Amy, our livestock manager and good friend is going to start blogging for us when we’re away from the farm. You can look forward to more animal content, which I’m sure we’ll all rejoice about! – Lauria
While the northeast has been getting hammered with snow, we’ve been dealing with rain, sleet, wind and cold. Normally here in central Virginia we don’t get a lot of the arctic temperatures I was accustomed to growing up in northern New York State, but occasionally it gets down into the twenties, and even more rarely, the teens. After a full two days of rain, which made the ground a muddy, sodden mess, we got sleet, which made it an icy, sodden mess, followed by cold and wind, which froze everything solid.
See how the mud froze? The deep ruts from the tractor are pretty bad. It caused a lot of problems trying to get the gates open, as the mud around the bottom is frozen in this very uneven pattern.
Fortunately, we have a tank heater in the water trough for the flock, so their water never freezes, as long as it is full.
Unfortunately, the water lines out to the trough are frozen. But, the flock needs water, frozen lines or no, so Paul came up with the solution to fill up buckets up at the house, put lids on them, and drive them down to the flock in the tractor.
It took ten buckets to fill the trough and the water bucket for Lucy and Orzo (who are in a separate pen they can’t escape from and terrorize the neighborhood). We’ll have to do this at least once, if not twice, a day until the temperatures come back up.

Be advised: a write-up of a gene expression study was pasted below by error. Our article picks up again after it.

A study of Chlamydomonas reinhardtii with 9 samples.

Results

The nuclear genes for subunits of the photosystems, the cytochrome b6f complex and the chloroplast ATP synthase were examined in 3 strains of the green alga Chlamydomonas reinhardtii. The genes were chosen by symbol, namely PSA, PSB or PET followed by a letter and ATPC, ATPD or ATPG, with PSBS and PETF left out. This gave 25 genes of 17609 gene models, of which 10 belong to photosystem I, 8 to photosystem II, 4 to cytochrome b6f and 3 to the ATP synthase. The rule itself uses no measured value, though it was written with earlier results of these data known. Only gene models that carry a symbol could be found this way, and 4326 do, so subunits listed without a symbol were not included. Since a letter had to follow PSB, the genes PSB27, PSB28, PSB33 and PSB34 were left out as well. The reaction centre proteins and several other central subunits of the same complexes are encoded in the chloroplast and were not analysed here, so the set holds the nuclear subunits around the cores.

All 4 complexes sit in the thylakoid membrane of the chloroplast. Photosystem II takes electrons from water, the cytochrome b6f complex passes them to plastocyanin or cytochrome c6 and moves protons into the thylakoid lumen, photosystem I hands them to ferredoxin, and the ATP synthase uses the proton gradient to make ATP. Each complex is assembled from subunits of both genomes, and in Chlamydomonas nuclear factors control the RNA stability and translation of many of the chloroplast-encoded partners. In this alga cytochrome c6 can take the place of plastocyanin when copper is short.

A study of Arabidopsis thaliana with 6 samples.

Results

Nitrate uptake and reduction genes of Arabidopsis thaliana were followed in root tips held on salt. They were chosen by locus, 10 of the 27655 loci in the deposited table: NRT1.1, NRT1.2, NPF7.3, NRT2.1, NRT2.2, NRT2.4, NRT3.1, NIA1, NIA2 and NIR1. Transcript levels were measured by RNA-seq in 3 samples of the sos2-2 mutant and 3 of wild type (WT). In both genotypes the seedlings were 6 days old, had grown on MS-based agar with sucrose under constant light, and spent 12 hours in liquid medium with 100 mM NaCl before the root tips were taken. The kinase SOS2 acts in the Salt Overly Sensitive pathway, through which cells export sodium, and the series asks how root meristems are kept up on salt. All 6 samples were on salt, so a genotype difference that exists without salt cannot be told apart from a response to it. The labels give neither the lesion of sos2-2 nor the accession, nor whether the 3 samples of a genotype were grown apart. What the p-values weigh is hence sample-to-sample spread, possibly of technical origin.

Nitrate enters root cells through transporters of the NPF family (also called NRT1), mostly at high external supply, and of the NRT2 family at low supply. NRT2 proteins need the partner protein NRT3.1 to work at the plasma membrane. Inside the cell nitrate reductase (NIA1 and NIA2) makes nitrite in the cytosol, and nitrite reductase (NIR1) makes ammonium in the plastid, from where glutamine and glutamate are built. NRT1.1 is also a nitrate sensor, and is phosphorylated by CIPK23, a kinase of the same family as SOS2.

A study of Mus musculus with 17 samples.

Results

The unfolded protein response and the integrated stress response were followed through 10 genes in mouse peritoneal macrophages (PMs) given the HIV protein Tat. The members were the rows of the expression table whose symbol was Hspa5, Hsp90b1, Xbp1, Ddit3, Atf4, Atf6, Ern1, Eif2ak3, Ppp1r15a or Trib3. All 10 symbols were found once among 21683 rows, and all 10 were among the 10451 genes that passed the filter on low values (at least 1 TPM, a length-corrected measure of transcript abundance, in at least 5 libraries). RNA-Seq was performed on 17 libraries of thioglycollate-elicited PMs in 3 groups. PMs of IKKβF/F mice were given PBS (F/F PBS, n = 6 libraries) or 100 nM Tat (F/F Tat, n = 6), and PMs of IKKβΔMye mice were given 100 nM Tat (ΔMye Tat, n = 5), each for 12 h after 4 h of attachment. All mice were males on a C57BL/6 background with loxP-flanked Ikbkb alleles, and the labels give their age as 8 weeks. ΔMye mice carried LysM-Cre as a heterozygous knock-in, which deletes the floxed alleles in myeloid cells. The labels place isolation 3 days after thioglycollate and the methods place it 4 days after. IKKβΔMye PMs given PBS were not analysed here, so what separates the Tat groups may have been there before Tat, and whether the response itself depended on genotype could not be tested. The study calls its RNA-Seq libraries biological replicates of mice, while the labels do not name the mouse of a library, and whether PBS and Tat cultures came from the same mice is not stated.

The water in the pig pen has not frozen because it sits up against the house and the faucet there has (so far) been fine. We’ve put the littlest lambs up there with the pigs (both for extra grain, extra shelter in the pig shed, and so that Mr Francis doesn’t breed any little girls that aren’t ready yet).
They’ve been getting square bales of hay inside the shed, and the pigs have spread it all around in there to make a nest for everyone.
Did you know pigs make nests? I never did.
As for the rest of the flock, I hadn’t spent much time before worrying about shelter because adult sheep and goats can generally handle the cold fairly well. It’s the ice rain we’ve been plagued with that’s been the trouble. The Angora goats aren’t tolerating it all that well, so Susan decided to order some calf hutches for them.
They’re pretty large; several goats can fit in it at a time, with room to spare.
Milkshakes and Adelaide still prefer the dog house.
Roquefort and Martin have claimed one for themselves!
The sheep have shown no interest in them at all.
I feel a lot better about the flock’s situation now, especially as we’re expecting more sleet tomorrow. Is it any wonder I’ve been feeling unwell?
Once the flock was squared away today I made a big pot of Susan’s Garlic Chicken Soup. That’ll keep uswarm for the night.